North Sails NEWS
BOL D’OR MIRABAUD: THE COOLEST REGATTA YOU HAVEN’T HEARD ABOUT
Europe’s Biggest and Most Popular Annual Sailing Events
If you don’t know anything about the Bol d’Or Mirabaud, you’re not alone—even though it began in 1939 and today is one of Europe’s biggest and most popular annual sailing events. The 66 mile course looks deceptively simple: start off Switzerland’s Société Nautique de Genève (SNG), sail to a mark off Bouveret, France, at the opposite end of Lake Geneva, and then finish again off the docks of SNG. But every year the course provides a different challenge, which keeps both professional and amateur sailors coming back for more.
26 boats participated in that very first Bol d’Or, and the winner finished in just under 24 hours. The current race record (set in 1994) is just over 5 hours, and today over 500 boats participate; everything from custom carbon multihulls to wooden classic cruisers. In 2017, the largest one design class, the 7.5m Surprise, had 132 entries.
Monohulls and multihulls start on separate lines and round different marks to minimize interactions between the fleets. The lake is known for its light wind and flat water, but every few years some serious weather rolls down from the Alps. In 2019, a well-predicted storm halfway through the race brought Southern Ocean conditions with gusts to 60 knots that kicked up huge waves, as well as hail that reduced visibility to almost zero. Competitors were forced to take shelter and drop sails, but thanks to excellent seamanship (and that accurate forecast), the only damage was to equipment.
For the 2021 Bol d’Or Mirabaud, a new one design fleet of foiling T35s will join the fun for the first time. Pierre-Yves Jorand, Director of North Sails Switzerland and Team Director of Alinghi, has worked closely with the designers of this innovative catamaran for more than two years. “The T35 is an accessible foiler that can be sailed well with limited foiling experience,” he says. “This is possible because of flight control on the T-foils and rudders, for maximum stability and safety.”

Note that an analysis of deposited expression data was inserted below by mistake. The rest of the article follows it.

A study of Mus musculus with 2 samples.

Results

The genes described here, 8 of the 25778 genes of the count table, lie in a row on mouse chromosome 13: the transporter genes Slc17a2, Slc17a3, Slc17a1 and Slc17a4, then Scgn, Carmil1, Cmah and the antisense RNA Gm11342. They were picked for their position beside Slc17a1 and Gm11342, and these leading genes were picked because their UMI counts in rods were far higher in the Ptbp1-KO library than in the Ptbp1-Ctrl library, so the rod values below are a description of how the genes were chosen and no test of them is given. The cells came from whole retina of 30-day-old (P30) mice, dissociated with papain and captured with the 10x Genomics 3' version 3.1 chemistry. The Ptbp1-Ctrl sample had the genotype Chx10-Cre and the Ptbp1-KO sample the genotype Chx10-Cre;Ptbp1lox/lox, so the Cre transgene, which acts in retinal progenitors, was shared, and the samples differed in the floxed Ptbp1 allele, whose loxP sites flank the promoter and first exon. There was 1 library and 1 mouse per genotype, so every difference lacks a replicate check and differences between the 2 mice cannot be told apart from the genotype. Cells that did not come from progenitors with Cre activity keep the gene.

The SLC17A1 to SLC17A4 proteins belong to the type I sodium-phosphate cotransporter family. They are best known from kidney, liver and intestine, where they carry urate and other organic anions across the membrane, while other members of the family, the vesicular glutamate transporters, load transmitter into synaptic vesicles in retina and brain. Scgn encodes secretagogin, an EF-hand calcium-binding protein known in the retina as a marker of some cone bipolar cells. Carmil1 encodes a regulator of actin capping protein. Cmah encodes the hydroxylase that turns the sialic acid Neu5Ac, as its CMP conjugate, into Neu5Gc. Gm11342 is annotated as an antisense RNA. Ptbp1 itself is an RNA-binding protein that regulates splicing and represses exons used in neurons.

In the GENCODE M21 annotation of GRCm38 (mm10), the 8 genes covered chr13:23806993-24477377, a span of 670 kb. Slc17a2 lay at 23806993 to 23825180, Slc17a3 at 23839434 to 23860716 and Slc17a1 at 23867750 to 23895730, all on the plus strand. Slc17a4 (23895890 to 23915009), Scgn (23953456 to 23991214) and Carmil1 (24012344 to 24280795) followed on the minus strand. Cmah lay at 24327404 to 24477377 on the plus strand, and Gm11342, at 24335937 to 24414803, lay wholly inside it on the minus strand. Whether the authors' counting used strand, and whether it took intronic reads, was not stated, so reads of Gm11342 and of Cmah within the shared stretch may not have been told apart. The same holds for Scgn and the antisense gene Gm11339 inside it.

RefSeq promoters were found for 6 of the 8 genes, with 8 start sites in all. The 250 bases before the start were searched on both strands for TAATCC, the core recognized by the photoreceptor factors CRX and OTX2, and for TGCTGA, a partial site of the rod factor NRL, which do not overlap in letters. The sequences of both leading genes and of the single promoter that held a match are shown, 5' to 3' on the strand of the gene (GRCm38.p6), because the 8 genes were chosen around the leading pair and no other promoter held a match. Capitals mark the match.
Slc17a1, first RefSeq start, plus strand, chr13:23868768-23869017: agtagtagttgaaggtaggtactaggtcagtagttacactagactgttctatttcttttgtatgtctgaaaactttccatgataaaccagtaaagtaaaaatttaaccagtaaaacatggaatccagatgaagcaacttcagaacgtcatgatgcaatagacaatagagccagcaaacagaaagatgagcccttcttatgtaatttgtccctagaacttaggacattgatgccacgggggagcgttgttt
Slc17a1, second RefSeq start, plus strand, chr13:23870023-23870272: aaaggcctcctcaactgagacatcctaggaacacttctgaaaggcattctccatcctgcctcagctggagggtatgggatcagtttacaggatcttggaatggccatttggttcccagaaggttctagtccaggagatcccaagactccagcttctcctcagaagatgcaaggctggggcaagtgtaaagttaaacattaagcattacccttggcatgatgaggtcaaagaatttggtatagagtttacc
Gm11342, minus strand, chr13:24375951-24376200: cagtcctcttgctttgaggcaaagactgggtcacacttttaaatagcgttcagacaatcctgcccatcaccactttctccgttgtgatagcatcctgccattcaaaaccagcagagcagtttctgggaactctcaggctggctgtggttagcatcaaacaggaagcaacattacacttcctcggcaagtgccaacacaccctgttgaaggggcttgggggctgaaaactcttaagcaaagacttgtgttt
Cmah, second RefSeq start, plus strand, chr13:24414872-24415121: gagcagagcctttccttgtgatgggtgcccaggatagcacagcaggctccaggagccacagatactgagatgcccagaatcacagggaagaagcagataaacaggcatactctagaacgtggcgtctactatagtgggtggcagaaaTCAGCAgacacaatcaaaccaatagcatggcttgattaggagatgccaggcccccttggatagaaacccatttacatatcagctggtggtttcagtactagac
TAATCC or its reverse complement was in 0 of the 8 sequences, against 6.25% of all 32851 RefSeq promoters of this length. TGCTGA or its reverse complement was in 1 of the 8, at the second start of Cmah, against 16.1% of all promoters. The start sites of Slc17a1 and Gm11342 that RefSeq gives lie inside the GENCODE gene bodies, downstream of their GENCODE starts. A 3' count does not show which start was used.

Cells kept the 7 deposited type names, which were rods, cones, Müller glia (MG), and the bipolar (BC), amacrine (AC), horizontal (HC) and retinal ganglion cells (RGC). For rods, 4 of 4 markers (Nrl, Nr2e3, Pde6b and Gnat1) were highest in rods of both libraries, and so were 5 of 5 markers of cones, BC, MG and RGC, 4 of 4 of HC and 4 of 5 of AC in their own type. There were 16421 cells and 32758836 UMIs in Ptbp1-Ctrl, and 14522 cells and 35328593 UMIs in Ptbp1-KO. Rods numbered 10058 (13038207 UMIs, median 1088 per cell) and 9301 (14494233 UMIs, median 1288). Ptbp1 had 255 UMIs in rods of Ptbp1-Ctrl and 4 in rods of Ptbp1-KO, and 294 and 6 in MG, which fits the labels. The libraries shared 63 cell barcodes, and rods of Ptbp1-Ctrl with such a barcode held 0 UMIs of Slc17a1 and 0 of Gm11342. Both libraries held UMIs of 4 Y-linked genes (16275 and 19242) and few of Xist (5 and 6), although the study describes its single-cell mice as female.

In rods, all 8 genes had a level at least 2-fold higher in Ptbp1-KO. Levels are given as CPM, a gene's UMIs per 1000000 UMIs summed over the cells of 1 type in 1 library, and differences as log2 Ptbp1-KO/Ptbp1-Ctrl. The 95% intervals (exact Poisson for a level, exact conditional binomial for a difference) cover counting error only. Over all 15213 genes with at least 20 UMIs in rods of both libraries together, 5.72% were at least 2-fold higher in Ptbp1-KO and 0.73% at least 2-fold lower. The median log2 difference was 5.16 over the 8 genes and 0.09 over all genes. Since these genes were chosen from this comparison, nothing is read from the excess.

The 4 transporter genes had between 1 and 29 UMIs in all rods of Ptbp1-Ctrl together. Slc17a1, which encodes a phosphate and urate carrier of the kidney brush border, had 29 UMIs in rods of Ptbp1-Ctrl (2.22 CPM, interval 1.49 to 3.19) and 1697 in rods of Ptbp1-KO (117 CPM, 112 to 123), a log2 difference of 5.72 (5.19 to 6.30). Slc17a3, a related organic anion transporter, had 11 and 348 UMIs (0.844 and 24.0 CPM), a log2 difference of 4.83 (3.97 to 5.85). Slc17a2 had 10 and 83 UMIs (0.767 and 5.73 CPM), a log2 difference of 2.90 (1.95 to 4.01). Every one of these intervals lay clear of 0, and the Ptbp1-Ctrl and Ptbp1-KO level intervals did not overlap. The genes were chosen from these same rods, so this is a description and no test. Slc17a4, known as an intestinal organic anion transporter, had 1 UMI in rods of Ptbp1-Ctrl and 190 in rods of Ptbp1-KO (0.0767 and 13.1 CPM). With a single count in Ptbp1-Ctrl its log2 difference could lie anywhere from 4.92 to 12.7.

The T35 is a direct descendant of Lake Geneva’s pace-setting Decision 35 and achieves lift-off in as little as 6 knots of breeze. They were designed to be easily transported around the world, but one stated goal is to beat the D35s on the longer races of their home waters.
To achieve that, sail and foil designs were carefully coordinated. “To succeed, constant exchanges of information and ongoing coordination is crucial,” North Sails designer Patrick Mazuay explains. “The surface area of the foils determines the speed of takeoff. If this area is too large, it slows the boat at high speed because the “T” foil remains in the water all the time. That affects which sails were suitable… so, everything is linked.” The 3Di 870 RAW sail plan includes a decksweeper mainsail, a low-aspect jib, and a drifter. For winds under 5 knots, there’s also a 3Di Downwind 600 gennaker.
Seven teams have been training and racing on the Swiss side of Lake Geneva since early May, with three Grand Prix events completed. RealTeam Sailing leads the overall results and Alinghi is in second, but it was Zoulou (one of two French teams) that beat Alinghi in the lake’s other iconic distance race, the 30-mile Genève-Rolle-Genève. Foiling in six knots of breeze—and a broach-near capsize by Alinghi when they were hit with an unexpected gust right after the start—enthralled the spectators.
There will definitely be more exciting action during the 2021 Bol d’or Mirabaud, which is available to stream live starting Saturday 13 June at 10am CET.